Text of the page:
Introduction: Sugru Glasses Frame Repair
Oh, no! You've broken the frame for your brand new glasses and don't feel you are fashionable enough to pull off the classic "tape on glasses" look until you can afford a new pair. Fear not! You'll be looking great (pun intended) in no time.
Step 1: Get Your Tools/Supplies
For this project you will need:
- A teensy, tiny little bit of Sugru, ideally (but not necessarily if you're feeling artistic) the same colour as your broken glasses
- A large, adjustable, low-pressure clamp (wide enough to fit your glasses)
- A smaller, adjustable, low-pressure clamp
- Zip ties or rubber bands
- A glass of soapy water
- A sharp knife
- Padding to protect your glasses/keep them from slipping.
Step 2: Prepare Your Rig
This project won't work unless you can hold the break on your glasses together for an extended period of time. Most likely, your glasses broke in a place where one clamp won't hold them together without slipping. No worries. Why use one clamp when you can use two?
Take the large, adjustable, low-pressure clamp and place your glasses inside with each of the temples alongside the edges of the clamp. Tighten the clamp slowly and carefully. If you tighten the clamp too much, you could end up breaking your glasses somewhere else.
If the glasses try to slide out of the clamp, use zip ties along the temple arms to hold them in place.
Use the second set of clamps on the top and bottom of the frame to further close the break. If the clamp wants to slide or if you're afraid of causing further damage to the frame, use cloth or another material that will friction and cushioning for the clamp.
Once your glasses are secured and you've managed to close the gap enough that the lens stays in the frame securely, you're ready for the next step.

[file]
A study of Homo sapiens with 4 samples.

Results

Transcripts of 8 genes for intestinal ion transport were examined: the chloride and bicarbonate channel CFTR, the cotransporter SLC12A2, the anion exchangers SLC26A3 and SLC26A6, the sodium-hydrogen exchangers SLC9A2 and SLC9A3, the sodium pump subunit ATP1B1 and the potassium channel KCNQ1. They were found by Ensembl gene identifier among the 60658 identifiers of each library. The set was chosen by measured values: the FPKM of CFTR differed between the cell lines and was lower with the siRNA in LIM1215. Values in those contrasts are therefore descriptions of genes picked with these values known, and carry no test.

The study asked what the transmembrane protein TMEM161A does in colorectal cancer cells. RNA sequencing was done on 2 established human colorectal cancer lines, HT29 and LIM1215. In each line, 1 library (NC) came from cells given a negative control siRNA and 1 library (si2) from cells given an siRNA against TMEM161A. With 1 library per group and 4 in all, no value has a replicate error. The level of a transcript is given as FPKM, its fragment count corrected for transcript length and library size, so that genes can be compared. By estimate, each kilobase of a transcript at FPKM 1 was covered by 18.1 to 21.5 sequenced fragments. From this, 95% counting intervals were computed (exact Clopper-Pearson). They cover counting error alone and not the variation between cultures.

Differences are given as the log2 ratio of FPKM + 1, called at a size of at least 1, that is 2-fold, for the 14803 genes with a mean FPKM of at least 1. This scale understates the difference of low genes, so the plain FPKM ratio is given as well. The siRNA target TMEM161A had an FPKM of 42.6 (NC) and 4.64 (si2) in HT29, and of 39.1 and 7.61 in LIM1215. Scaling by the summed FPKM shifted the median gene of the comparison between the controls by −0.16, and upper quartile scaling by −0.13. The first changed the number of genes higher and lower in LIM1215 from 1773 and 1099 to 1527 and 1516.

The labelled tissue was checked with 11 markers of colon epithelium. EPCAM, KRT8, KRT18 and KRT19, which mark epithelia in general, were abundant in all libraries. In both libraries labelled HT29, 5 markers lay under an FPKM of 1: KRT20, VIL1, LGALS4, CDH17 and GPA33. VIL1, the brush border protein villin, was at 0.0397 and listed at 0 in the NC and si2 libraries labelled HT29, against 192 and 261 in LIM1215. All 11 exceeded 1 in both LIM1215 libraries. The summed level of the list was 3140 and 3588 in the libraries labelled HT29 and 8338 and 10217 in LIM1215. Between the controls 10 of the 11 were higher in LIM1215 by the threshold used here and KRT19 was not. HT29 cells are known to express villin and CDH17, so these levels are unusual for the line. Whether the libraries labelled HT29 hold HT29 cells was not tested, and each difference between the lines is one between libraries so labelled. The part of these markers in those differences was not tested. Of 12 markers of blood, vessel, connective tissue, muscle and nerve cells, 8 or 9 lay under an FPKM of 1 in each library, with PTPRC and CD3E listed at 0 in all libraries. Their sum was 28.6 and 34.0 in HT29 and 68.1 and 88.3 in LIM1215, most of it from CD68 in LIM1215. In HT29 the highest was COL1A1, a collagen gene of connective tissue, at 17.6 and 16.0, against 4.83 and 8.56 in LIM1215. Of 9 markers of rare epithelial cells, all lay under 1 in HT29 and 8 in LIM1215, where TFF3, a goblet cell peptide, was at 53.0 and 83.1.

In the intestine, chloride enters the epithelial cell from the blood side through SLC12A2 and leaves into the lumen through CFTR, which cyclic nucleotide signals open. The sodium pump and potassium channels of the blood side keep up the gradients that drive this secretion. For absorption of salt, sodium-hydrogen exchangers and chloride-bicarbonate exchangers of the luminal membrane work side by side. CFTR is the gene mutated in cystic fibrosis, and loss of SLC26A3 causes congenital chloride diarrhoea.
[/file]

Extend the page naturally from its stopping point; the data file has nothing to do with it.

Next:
Step 3: Sugru It!
Following the instructions that came with your Sugru, work the Sugru until it's ready to be applied.
Using tiny amounts only, work the Sugru into the break and, if possible, tighten the clamps a tiny bit.
Use the sharp knife to help shape the Sugru, taking care to remove any material that may have gotten onto the lens.
If you want a more polished look, dip your finger or the knife into the warm, soapy water and continue to smooth out the Sugru.
Use the extra Sugru for another project OR use it to decorate your glasses.
When the repair/styling looks the way you want it, let it sit for 24 hours.
Step 4: Final Touches
After the Sugru has cured, remove the glasses from the clamps. If you're like me, you might want to do a little more refining. I did that with the sharp knife, carving off extra bits of Sugru that I didn't notice before - possibly because I wasn't wearing glasses.
And there you have it! A no-longer-broken pair of glasses!
As you can see (hopefully), I was going for function over style. The more time you put into refining the Sugru when it's soft the better your glasses will look.
This project was completed at YuKonstruct in Whitehorse, Yukon, Canada.